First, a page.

Recent scientific expeditions that have retraced all routes of human migration out of Africa in the last 50,000 years make for a fascinating story. In the exhibit perused for this exercise I discovered that the pivotal moment was the great Ice Age that set in 50 thousand years ago, up until when, the rich and diverse ecology of central and southern Africa began to change. With the substantial drop in temperatures, the erstwhile green and fertile regions began to dry up. And this crisis for survival is perhaps the most important event in anthropology.
The populating of the Australian continent is a tantalizing story of adventure and chance. Scientists were first confounded by the 6000 mile of ocean that separated the East African coast from the nearest shore in Australia. Later it came to light that the radically new geological conditions created by the Ice Age provided an easy passage wherever the sea had receded. Likewise the crossing of the arctic inhabiting Chikchu people into the New World is another historical achievement of our species. The Americans who are newly native to this expansive continent nearly covered its entire breadth and width in less than a millennia of its advent. Modern Europeans took a complex migratory route to arrive at Western Europe. The lore of the Cro-Magnon man is very prescient to the mind as they conquered the temperate and cold climes of Europe with a physiology that was ill suited to these conditions. A branch of my own ancestors traversed the central Asian steppes to populate what is modern day China and South East Asia. Since I inherit a mix of Chinese and Indonesian genetic stock, it is accurate to claim that my ancestors comprised two different groupings – those who took the Steppes and the other the route of the Indian subcontinent.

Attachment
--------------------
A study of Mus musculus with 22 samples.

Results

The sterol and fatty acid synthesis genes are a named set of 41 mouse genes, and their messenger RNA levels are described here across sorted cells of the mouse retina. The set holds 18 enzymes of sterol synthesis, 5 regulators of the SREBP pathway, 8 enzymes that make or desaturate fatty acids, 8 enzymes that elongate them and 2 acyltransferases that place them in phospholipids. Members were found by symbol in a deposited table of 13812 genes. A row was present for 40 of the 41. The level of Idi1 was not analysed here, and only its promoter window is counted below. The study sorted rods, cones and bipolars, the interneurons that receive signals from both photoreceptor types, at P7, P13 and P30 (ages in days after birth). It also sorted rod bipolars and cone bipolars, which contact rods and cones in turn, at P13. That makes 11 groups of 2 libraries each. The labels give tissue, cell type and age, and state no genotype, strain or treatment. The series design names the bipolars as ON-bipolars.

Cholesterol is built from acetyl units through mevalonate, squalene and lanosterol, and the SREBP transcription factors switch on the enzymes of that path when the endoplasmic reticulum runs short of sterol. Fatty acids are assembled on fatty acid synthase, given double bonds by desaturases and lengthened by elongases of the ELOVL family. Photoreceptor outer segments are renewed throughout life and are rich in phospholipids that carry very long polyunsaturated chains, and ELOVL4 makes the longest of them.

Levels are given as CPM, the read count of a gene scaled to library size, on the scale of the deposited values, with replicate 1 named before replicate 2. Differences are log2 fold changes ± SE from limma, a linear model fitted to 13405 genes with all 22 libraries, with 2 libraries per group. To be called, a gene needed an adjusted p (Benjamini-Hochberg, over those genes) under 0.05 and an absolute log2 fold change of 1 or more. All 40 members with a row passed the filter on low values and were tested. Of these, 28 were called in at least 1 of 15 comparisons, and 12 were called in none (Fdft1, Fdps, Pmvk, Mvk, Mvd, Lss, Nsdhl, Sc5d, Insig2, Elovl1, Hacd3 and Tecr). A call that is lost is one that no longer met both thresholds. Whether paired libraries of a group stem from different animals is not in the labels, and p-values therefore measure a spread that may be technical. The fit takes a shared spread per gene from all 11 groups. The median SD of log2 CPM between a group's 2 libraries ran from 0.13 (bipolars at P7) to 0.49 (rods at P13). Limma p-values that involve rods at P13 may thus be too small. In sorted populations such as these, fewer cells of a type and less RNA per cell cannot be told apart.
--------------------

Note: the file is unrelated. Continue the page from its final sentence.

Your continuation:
The most important insight I got through the study of the exhibits is how we all are united by our similarities. Be it the aborigines of Australia, the indigenous populations of Madurai in Southern India, the Bushmen tribes of South Africa or the Chikchu of the Siberian extremity, we all share nearly the same genetic makeup. The differences among us are only a matter of minor genetic differences. We all share the same instinct for survival. We also share the inclination for adventure, discovery, creativity and adaptation. It is these shared features that accounts for the continued success of our species.
Race: Human Variation, retrieved from http://www.understandingrace.org/humvar/index.html on 19th February 2014.
Lauren Arenson, Lecture on Racial Genetic Variation, Pasadena City College, retrieved from < http://www.pasadena.edu/streaming/arenson/arenson1/index.cfm> on 19th February 2014.